In early September, WP Engine announced the launch of Genesis Custom Blocks, a block-creation plugin made possible by its StudioPress team. The concept should feel familiar to developers who have made use of Advanced Custom Fields and similar plugins. However, the focus of this new plugin is entirely on blocks.

The plugin is more of a framework than a plug-and-play extension for WordPress. It requires some PHP knowledge to handle the front-end output. The goal is to make it easy for developers to create custom blocks without JavaScript knowledge. It allows them to render blocks on the server-side via custom templates.

Genesis Custom Blocks handles all the dirty work on the backend while leaving the basic PHP, HTML, and CSS of the front end completely up to developers.

The plugin seemed to slip through the cracks of the plugin directory’s guideline against frameworks — the Plugin Review Team started disallowing new framework-type plugins in 2016. Team rep Mika Epstein confirmed that the plugin should not have been approved. She also said that she would talk to the developers, explain why it’s not good, and see about finding a path forward.

Setting guideline issues aside, the plugin is a nice addition to the toolbox of any developer who needs to quickly knock out custom blocks for clients.

How the Plugin Works

Genesis Custom Blocks is currently a lightweight field manager for custom blocks. It provides an admin interface for creating, editing, and managing those blocks. Developers use this interface to essentially create block options in which a user can configure via the editor.

The free version of the plugin includes 13 standard form fields, such as text, image, URL, color, and more. The commercial version includes an additional six field types and allows users to import or export their custom blocks.

yH5BAEAAAAALAAAAAABAAEAAAIBRAA7 Build Editor Blocks for Clients With the Genesis Custom Blocks Plugin design tips genesis-edit-block-1536x785 Build Editor Blocks for Clients With the Genesis Custom Blocks Plugin design tips Editing the test block included with the plugin.

For the block to output anything on the front end, the developer must create custom templates and use the Genesis Custom Blocks API. This template will render the output in the editor too, at least until the user clicks on the block, which takes them into editing mode.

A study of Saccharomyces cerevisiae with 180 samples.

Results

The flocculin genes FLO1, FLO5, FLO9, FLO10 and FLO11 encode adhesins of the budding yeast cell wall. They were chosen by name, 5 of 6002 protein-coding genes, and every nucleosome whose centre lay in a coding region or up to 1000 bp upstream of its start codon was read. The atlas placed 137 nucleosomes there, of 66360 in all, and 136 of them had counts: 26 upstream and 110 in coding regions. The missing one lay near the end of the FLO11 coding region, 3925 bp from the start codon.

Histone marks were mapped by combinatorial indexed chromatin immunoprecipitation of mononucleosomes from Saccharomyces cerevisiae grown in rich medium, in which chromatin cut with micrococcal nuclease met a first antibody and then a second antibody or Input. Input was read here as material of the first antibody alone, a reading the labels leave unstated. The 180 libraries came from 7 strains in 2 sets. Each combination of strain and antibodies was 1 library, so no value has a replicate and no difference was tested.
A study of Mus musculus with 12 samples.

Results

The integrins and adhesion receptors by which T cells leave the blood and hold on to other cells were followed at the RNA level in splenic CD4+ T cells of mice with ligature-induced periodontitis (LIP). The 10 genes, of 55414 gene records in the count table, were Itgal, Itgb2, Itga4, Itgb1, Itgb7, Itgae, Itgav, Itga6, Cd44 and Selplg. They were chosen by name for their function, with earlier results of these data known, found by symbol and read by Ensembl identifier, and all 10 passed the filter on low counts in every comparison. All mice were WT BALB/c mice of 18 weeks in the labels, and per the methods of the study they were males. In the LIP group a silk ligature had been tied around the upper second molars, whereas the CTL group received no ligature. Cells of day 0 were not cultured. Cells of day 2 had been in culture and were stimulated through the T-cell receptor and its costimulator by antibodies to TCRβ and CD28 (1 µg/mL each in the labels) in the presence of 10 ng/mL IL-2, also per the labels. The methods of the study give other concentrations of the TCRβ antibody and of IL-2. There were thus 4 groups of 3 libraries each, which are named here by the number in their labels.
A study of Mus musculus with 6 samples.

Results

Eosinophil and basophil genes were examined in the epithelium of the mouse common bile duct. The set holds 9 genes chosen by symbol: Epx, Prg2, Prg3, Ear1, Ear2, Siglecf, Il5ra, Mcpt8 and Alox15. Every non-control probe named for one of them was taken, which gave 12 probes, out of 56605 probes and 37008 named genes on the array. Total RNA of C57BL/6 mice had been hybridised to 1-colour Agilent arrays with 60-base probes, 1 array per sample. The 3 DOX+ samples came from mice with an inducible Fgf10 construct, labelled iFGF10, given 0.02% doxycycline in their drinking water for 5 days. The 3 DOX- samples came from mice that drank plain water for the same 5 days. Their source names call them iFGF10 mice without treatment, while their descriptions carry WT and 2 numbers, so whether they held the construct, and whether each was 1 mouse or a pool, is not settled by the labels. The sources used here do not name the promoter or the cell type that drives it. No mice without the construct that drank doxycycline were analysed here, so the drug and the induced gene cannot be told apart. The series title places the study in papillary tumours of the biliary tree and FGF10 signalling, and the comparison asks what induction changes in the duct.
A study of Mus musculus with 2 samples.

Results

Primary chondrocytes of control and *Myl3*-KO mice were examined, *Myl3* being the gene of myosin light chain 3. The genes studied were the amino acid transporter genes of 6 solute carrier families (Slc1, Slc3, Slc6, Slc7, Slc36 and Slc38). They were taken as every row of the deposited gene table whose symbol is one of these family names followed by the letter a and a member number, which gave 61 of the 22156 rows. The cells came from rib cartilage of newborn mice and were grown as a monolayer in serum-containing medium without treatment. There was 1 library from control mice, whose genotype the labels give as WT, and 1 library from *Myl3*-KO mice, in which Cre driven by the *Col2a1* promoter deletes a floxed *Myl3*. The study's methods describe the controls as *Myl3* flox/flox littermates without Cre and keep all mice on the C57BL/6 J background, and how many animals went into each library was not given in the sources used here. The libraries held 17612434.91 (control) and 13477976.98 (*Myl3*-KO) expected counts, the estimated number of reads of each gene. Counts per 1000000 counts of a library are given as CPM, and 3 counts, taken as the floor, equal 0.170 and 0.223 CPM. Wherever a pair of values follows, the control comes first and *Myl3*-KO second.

yH5BAEAAAAALAAAAAABAAEAAAIBRAA7 Build Editor Blocks for Clients With the Genesis Custom Blocks Plugin design tips genesis-editor-block-1536x770 Build Editor Blocks for Clients With the Genesis Custom Blocks Plugin design tips Inserting and editing a custom block in the editor.

Without anything other than a cursory reading of the docs, I was able to build a custom block and its associating template in minutes. What makes the plugin stand out is the simplicity of its system. It does not try to do too much. It provides enough basic fields for most developers to create the custom blocks they need for clients. I am certain that many of them will get a ton of mileage out of it.

It also does the extra things that developers should expect from a StudioPress-caliber product like allowing developers to create custom block categories, pick an icon, and set up keywords for each block.

One missing element is the ability to set custom blocks to full and wide-width. Developers may need to write custom CSS for both the editor and front end to handle such use cases. They can create custom inspector (block options sidebar) controls for width or alignment too. However, it would be a nice bonus if the plugin handled the standard WordPress alignments.

The Big Problem

The plugin commits the greatest sin of WordPress development. It fails to prefix or namespace its custom functions. It is a mistake that is expected of rookie developers. However, for a seasoned company such as StudioPress to create block_field(), block_value(), and similarly-named functions in the global namespace is almost unforgivable.

The problem this creates, particularly given the size of the Genesis development community, is that it is basically stealing potential function names from WordPress. If the core platform ever decides to add these functions, fatal errors will ensue on 1,000s of sites.

If the functions were limited in scope to the plugin itself, it would be an easy fix. However, these functions are meant for direct use by developers who are building with the plugin.

Given the plugin’s short time out in the wild, I hope the development team reconsiders their naming scheme and transitions it to something that does not run the risk of a future fatal error.